In at least a few of the myriad books to be written about the 2008 US presidential election, a footnote will be devoted to the subject of today’s review. Even if it wasn’t even the most important electoral influence of its name (that honour going to Samuel Joseph Wurzelbacher of Ohio), Plumber Manor still played its unwitting part, because it was to this handsome, 17th-century, rural Dorset house that senior AIG executives repaired in October for a partridge-shooting holiday, just as the Federal Reserve lobbed the insurance giant an additional $37.8bn to bolster the $85bn emergency loan it had made in September.

Try as we might, we Brits never suppress a thrill whenever the Americans so much as notice li’l ol’ us, and for me Plumber Manor’s sudden celebrity across the ocean provided the strongest frisson since my erstwhile Latin student Rachel Weisz was handed an Oscar by that pioneering African-American president Morgan Freeman.

How deep an impact Plumber Manor made on swing voters is debatable, but recalling it fondly, from a visit made a dozen years ago, as a homely charmer laden with dogs and ancestral portraits, it was quite a shock to find it implicitly cited by the New York Times’s Maureen Dowd as a totem of the self-serving greed and profligacy that did so much damage to Republican chances. “We regret that this event was not cancelled,” was AIG’s nicely understated response to this PR triumph, although not half as much, one assumes, as Senator McCain.

Reading reports about the luxuriance of the jolly, as trustingly lifted by news agencies from the News Of The World, I assumed that change (a spa, a helipad and other Eurotrash elegances) must have come to Plumber Manor. But not a bit of it. The labrador puppy we met in 1996 has been exiled due to age-related flatulence, but otherwise it remains the stronghold of pretension-free joviality it was. The same jolly owner patrols the bar, greeting punters as the old friends they (and the AIG lads) evidently are, while his brother in the kitchen cleaves to a formula that eludes so many bucolic hotel restaurants: no fussy amuse-bouches, no dribblings of slime, no irksome poncery whatever. He just takes good local ingredients and cooks them with skill and precision, so that they taste potently of themselves.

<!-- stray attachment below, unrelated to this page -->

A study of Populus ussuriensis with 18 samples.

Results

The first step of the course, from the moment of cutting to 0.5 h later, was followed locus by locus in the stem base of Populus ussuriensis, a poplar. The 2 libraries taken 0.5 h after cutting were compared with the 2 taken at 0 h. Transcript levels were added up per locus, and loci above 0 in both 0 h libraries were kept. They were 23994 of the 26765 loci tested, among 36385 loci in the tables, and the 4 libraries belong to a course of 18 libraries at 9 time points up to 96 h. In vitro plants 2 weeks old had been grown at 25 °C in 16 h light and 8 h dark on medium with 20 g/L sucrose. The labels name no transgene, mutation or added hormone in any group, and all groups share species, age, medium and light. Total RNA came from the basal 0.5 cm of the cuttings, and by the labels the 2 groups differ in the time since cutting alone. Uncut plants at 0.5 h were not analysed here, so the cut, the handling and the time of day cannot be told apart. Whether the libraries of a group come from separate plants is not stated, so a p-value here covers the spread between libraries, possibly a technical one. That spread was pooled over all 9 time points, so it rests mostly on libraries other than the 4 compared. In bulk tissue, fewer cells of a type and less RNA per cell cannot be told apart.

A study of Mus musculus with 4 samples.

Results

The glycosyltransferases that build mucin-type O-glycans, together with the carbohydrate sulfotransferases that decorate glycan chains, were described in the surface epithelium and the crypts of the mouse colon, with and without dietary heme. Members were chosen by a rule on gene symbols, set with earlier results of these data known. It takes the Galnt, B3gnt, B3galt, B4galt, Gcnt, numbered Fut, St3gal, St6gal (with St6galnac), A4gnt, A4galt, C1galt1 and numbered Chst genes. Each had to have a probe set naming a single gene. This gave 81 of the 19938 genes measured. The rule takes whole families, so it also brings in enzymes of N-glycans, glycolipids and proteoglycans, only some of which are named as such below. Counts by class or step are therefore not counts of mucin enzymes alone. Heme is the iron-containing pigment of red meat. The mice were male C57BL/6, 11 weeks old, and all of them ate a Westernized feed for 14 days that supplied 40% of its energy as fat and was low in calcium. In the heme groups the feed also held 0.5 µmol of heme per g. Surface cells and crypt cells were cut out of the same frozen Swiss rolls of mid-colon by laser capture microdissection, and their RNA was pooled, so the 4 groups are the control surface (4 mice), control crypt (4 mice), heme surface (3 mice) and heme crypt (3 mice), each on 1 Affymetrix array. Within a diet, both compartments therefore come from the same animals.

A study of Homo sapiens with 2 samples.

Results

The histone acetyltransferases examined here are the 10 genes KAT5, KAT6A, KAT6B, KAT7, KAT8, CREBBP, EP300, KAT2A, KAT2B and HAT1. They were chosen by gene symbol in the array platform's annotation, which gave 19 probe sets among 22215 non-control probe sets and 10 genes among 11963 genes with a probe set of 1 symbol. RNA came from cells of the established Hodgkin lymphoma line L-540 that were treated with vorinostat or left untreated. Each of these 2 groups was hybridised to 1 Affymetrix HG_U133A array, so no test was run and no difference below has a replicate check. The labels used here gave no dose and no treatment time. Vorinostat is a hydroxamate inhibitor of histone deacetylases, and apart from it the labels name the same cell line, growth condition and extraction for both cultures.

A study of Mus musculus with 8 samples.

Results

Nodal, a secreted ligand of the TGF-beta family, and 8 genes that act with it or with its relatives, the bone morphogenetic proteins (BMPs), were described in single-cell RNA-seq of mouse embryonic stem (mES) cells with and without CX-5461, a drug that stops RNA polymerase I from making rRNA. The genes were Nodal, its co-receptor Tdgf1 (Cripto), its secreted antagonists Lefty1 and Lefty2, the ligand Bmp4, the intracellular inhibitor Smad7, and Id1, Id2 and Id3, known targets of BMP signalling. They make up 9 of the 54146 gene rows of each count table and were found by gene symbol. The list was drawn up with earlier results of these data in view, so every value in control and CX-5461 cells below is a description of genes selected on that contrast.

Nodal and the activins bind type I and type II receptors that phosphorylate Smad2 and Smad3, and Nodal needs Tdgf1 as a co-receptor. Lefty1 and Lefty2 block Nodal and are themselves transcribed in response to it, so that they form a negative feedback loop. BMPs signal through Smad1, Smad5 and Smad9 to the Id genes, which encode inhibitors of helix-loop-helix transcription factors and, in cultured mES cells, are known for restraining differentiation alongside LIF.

With a couple of prissy cavils (the dining room is slightly overlit) we loved everything about our family dinner, from a very young staff’s sweetness with our two-year-old niece, Ellie, to the policy of doubling the wholesale price of wines (we paid £40 for a Batailley that costs £20 at Majestic) rather than the usual quadrupling.

As for the food, in its quiet, artless way this is technically excellent as well as perfect for the setting. My wife thought her ruby red carpaccio of beef (a £3.50 supplement to the dinner menu, which is £26 for two courses and £30 for three) the best rendition of the dish she’s had, and no wonder given the literal texture of butter. A medley of melon, avocado and prawns came with a proper, gutsy sauce Marie Rose, a growing boy of our acquaintance admired the succulence of his smoked duck and chicken breasts, my butternut squash soup was sweet, thick and velvety, and a generous circle of grilled mild goat’s cheese looked wonderful (a bit like tarte tatin) with its top layer of treacly blackcurrant vinaigrette.

Main courses were pretty faultless, too. It wasn’t easy to discern what Ellie made of her sausage and chips, since she by and large contented herself with the ketchup, and my wife thought her sea bass fillet needed pepping up with more of its soy, ginger and spring onion adornment. But breast of partridge (possibly shot by AIG; the menu did not clarify) was as juicily subtle as that bird should be, and cleverly enriched by black pudding-infused bubble and squeak. Five sensationally flavoursome slices of mauvy-red venison (£4.50 supplement) separated two fine sauces, one creamy, the other a sharp cocktail of orange and apple, while the thick oblong of crackling that accompanied loin of pork was unquestionably the finest any of us have encountered. Vegetables were impeccably crunchy.

Puddings from the trolley were all good, especially a lemon meringue roulade, and we left waddling a little, but glowing with pleasure. How Plumber Manor came by its brief global notoriety as an emblem of fin-de-siècle corporate rapacity is one of the minor curios of an election suffused with larger mysteries than that, but you will never find a more honest restaurant, or one more passionately averse to the taking of financial liberties. If only the same could be said for its more infamous regulars.